We previously reported that the estate of talc plaintiff Jacqueline Fox asked a Missouri court of appeals to reconsider its decision to overrule the $72 million verdict against Johnson and Johnson which was awarded last February. The appeals’ court’s decision was based on the U.S. Supreme Court’s Bristol Myers Squibb ruling from this June, which changed the standards for establishing personal jurisdiction for plaintiffs filing out of their home states. The estate of Alabama resident Fox contested that they should be allowed to re-argue for jurisdiction under the new law, as they have new evidence establishing personal jurisdiction in Missouri.
According to Beasley Allen, an Alabama law firm that represented plaintiffs in all of the Missouri trials, the new post-trial evidence has just been ruled sufficient for establishing personal jurisdiction by Judge Rex M. Burlison of the 22nd Judicial Circuit Court, when he upheld a later May 2017 verdict of $110 million on behalf of plaintiff Lois Slemp in a 12-page opinion issued Nov. 29.
A Virginia resident, Ms. Slemp has been able to establish proper jurisdiction based on new evidence involving Union, Missouri-based Pharma Tech, which is directly involved in the processing, labeling, packaging and distribution of Johnson’s Baby Powder and Shower to Shower products.
Of Pharma Tech, plaintiffs attorney W. Wylie Blair of Onder, Shelton, O’Leary & Peterson in St. Louis said, “They’re the ones who are ultimately the end-all and be-all in terms of whether the labeling contains a warning.”
We previously reported that allegations drawn from letters, forms, emails, monthly checks and sales documents included information that Pharma Tech bought raw talc from defendant Imerys that had a cancer warning, but that the warning was removed per Johnson and Johnson’s direction during the manufacturing and labeling process.
“If you look at the record in each trial to date, the defendants have been very careful to hide the presence and role of Pharma Tech,” said Allen Smith of the Smith Law Firm of Ridgeland, Mississippi, and co-lead counsel for Ms. Slemp. “Now that jurisdiction has been confirmed by the court, future trials will be able to more clearly show the steps J&J has taken to deceive the public and medical community of the dangers of talcum powder use for feminine hygiene.”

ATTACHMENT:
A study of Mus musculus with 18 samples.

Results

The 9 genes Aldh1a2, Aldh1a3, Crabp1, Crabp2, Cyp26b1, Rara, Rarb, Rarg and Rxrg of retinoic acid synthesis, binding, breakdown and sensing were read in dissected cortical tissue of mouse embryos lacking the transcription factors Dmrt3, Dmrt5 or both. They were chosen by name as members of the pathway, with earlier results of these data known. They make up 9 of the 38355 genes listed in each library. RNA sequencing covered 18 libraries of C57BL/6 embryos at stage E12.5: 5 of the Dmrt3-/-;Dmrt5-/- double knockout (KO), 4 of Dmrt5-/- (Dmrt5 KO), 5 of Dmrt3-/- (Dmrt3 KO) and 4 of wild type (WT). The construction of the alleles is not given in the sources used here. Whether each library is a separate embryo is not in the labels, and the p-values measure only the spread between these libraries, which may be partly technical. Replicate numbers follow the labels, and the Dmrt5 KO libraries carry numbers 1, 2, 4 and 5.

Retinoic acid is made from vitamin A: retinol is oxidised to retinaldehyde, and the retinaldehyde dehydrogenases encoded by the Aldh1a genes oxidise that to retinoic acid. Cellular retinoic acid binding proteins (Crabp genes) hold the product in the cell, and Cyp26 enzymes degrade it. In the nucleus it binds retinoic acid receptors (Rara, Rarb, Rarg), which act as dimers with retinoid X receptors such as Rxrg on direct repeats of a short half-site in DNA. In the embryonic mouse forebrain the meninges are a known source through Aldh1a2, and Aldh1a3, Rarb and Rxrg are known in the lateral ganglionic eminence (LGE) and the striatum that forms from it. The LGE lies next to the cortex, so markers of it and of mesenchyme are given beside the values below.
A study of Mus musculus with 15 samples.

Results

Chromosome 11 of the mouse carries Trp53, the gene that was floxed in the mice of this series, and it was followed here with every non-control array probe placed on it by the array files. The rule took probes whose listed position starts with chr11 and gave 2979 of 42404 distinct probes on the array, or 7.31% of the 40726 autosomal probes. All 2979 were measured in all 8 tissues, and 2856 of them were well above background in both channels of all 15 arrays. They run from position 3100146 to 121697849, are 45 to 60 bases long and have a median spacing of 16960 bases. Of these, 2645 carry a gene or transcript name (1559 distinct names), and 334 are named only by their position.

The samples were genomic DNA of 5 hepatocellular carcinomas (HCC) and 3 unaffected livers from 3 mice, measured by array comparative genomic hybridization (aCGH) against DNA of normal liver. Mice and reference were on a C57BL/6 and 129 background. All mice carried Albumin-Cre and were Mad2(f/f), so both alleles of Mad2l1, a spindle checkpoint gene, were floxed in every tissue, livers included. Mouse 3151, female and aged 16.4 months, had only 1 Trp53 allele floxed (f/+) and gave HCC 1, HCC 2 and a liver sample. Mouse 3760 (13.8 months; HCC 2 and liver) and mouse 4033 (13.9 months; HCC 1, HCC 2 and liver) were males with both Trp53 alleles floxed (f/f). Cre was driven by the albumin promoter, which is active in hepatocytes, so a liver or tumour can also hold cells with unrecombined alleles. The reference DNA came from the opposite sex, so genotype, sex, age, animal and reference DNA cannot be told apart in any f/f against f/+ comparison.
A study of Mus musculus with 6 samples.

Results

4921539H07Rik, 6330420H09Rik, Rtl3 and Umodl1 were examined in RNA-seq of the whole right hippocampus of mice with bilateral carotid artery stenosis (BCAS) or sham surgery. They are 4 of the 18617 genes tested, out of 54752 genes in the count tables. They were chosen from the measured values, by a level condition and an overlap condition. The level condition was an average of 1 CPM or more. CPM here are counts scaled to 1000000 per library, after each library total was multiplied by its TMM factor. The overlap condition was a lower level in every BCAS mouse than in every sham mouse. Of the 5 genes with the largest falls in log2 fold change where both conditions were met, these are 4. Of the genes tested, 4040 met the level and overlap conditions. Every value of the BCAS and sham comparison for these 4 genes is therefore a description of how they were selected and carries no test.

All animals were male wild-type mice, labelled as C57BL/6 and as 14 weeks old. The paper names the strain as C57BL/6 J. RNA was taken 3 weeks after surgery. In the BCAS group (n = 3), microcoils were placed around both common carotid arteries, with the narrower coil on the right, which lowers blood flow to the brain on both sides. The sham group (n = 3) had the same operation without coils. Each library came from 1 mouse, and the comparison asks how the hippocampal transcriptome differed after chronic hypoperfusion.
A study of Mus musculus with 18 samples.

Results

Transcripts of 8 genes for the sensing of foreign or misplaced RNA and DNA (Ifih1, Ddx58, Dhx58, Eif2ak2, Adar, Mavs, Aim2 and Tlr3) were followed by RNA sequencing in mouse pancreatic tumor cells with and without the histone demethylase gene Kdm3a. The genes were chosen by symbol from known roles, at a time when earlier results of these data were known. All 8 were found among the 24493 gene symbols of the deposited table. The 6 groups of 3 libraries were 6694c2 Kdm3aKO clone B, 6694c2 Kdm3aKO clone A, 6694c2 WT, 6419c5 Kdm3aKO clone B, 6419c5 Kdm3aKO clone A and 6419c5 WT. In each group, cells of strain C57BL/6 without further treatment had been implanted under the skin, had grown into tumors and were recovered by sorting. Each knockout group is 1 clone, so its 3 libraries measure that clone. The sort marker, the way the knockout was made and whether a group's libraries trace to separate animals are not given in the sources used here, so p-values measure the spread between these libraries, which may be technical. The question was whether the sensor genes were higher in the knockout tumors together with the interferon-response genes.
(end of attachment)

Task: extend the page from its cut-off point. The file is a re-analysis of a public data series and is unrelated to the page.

“This ruling confirms that even the limited evidence we’ve uncovered regarding PharmaTech is sufficient to meet the high standard set by the Supreme Court, and should allow us to affirm the earlier verdicts and move forward with additional trials in Missouri,” said Ted Meadows, co-lead counsel for Ms. Slemp and a principal at the Beasley Allen Law Firm.
Jacqueline Fox was the first of four Missouri jury verdicts in favor of plaintiffs who alleged that prolonged genital use of Johnson and Johnson’s talc-containing products led to the development of their ovarian cancer. The women were not warned of this risk by the company, even though for decades it was aware of the studies linking its products to ovarian cancer. The juries awarded compensatory and large punitive damages damages totalling $70 million, $72 million, $55 million and $110 million against J&J and co-defendant, talc-supplier Imerys Talc America.
It remains to be seen if this ruling regarding Ms. Slemp’s case will affect the appeal of Ms. Fox’s case.